Indian-Japanese elephant trainer gets crowned Miss Japan
The world we live in is becoming more diverse and inclusive than ever before, and nowhere is that more evident than in Japan, where an Indian-Japanese beauty queen was selected to represent her country at the upcoming Miss World competition.
Last year, half-black Ariana Miyamoto was crowned Miss Universe Japan, prompting a national discussion on what it means to be truly Japanese. For decades, bi-racial models have graced magazine covers and runways, and in recent years, many have found success as television personalities, actors and singers. But regardless of their celebrity status, these half, or "half" entertainers were and are not considered to be truly Japanese in the eyes of many. This perception is not considered to be negative. Half-Japanese children and adults alike are often envied, mostly for their physical attributes, but also for their unique situations in life. They are thought to be special, and often times treated as such.
But when it comes to these half-Japanese men and women representing Japan in an official capacity, that's where the haters come out of the woodwork. Just last month in Rio, a number of Olympic athletes representing Japan were bi-racial, winning medals and becoming household names in the process. And because it's such a new phenomenon, this influx of a new type of Japanese athlete is rubbing a declining number of traditionalists the wrong way, those who think the only real Japanese is one that's pure. So when Ariana Minamoto won Miss Universe Japan, bitter netizens complained that she wasn't really Japanese, that only contestants that were 100% Japanese should be able to compete for the title. And this year, the winner of Miss World Japan is none other than Priyanka Yoshikawa, a 22-year old born in Tokyo to an Indian father and Japanese mother. "We are Japanese. Yes, I'm half Indian and people are asking me about my 'purity'-yes, my dad is Indian and I'm proud of it, I'm proud that I have Indian in me. But that does not mean I'm not Japanese."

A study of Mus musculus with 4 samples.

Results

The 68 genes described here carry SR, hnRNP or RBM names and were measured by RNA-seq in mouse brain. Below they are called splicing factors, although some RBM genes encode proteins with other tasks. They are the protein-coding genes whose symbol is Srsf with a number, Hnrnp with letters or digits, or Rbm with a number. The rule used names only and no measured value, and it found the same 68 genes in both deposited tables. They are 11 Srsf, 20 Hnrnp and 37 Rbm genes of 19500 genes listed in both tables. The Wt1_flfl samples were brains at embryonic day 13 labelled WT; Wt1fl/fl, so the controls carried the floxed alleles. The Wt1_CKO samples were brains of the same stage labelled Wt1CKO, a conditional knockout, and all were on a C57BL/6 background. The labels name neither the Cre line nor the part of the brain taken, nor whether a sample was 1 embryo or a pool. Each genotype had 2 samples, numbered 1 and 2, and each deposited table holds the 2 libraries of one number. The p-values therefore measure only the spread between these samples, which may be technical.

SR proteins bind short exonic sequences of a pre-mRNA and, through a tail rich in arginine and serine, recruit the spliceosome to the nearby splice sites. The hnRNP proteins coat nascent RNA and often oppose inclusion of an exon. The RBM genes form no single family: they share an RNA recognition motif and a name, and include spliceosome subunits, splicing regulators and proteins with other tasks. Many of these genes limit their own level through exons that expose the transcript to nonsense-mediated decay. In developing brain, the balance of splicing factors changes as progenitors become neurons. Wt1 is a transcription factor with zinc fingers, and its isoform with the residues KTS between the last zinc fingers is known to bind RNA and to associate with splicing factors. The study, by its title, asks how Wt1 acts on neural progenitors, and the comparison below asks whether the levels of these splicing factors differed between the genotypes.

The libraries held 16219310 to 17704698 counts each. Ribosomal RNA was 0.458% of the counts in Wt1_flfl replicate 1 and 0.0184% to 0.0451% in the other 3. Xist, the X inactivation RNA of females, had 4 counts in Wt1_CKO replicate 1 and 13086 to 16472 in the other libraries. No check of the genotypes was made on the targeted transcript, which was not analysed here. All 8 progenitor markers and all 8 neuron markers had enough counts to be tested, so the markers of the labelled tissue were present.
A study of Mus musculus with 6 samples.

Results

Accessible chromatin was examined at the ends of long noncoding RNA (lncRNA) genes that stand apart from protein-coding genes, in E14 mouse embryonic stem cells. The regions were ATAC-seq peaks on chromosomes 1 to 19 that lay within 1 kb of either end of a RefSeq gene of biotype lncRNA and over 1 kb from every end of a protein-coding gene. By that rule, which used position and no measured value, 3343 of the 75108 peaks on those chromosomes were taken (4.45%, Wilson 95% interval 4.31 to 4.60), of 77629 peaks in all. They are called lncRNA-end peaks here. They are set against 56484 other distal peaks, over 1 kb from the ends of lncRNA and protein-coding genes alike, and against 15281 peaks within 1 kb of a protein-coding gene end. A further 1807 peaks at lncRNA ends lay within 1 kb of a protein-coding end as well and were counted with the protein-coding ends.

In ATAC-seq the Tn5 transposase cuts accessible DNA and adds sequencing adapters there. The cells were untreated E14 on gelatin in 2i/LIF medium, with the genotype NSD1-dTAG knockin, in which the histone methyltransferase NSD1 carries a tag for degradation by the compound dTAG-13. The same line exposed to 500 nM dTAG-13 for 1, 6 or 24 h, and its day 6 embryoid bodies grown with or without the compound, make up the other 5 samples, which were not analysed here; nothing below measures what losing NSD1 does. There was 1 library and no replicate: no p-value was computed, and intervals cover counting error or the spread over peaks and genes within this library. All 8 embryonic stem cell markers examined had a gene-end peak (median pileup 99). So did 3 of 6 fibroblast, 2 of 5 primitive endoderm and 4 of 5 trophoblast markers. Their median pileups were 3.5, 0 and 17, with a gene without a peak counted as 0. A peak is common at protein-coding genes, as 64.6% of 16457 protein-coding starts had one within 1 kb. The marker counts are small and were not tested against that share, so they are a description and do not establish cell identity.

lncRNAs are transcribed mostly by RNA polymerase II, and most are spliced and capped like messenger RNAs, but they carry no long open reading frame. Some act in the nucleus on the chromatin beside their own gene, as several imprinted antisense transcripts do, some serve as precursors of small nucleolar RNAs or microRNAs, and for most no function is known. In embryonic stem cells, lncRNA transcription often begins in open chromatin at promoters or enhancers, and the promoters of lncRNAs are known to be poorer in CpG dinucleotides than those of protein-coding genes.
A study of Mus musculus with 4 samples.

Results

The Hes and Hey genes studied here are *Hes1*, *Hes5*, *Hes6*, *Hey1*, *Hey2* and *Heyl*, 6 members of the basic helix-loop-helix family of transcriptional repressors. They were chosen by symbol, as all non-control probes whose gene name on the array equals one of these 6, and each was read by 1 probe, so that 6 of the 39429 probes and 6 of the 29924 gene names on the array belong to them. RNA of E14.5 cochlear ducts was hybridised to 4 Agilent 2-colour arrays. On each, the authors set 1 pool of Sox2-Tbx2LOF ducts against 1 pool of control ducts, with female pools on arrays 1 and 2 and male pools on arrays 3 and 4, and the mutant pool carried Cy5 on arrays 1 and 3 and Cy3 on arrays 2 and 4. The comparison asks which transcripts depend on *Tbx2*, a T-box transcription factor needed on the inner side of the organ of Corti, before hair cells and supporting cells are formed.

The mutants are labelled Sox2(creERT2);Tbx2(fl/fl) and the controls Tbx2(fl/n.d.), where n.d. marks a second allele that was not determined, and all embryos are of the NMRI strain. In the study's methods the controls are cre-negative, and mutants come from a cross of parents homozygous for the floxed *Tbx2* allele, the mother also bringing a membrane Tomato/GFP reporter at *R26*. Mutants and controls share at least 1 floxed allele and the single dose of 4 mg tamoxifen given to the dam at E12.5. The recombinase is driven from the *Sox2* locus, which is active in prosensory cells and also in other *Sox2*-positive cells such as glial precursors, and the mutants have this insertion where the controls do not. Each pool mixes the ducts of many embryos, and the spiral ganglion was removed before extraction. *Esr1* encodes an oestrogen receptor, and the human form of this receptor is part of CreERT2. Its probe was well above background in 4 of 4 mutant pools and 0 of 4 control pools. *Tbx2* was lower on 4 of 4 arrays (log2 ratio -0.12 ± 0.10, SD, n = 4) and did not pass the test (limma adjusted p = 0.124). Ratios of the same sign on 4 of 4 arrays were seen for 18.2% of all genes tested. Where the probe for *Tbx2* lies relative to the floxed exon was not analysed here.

Nothing can stop the way of the world, and the fact is, Japan is becoming more diverse by the day. And for a place that's always had such a homogenous society, these changes are a big deal. The Japanese people are noticing what's taking place, and they're talking about it. There are of course more supporters than not, and organizations like Miss Universe and Miss World are making sure that they continue to contribute to the positive changes taking place in the still very traditional culture.
So congratulations to Priyanka, the new kickboxing and elephant-training Miss World Japan of 2016!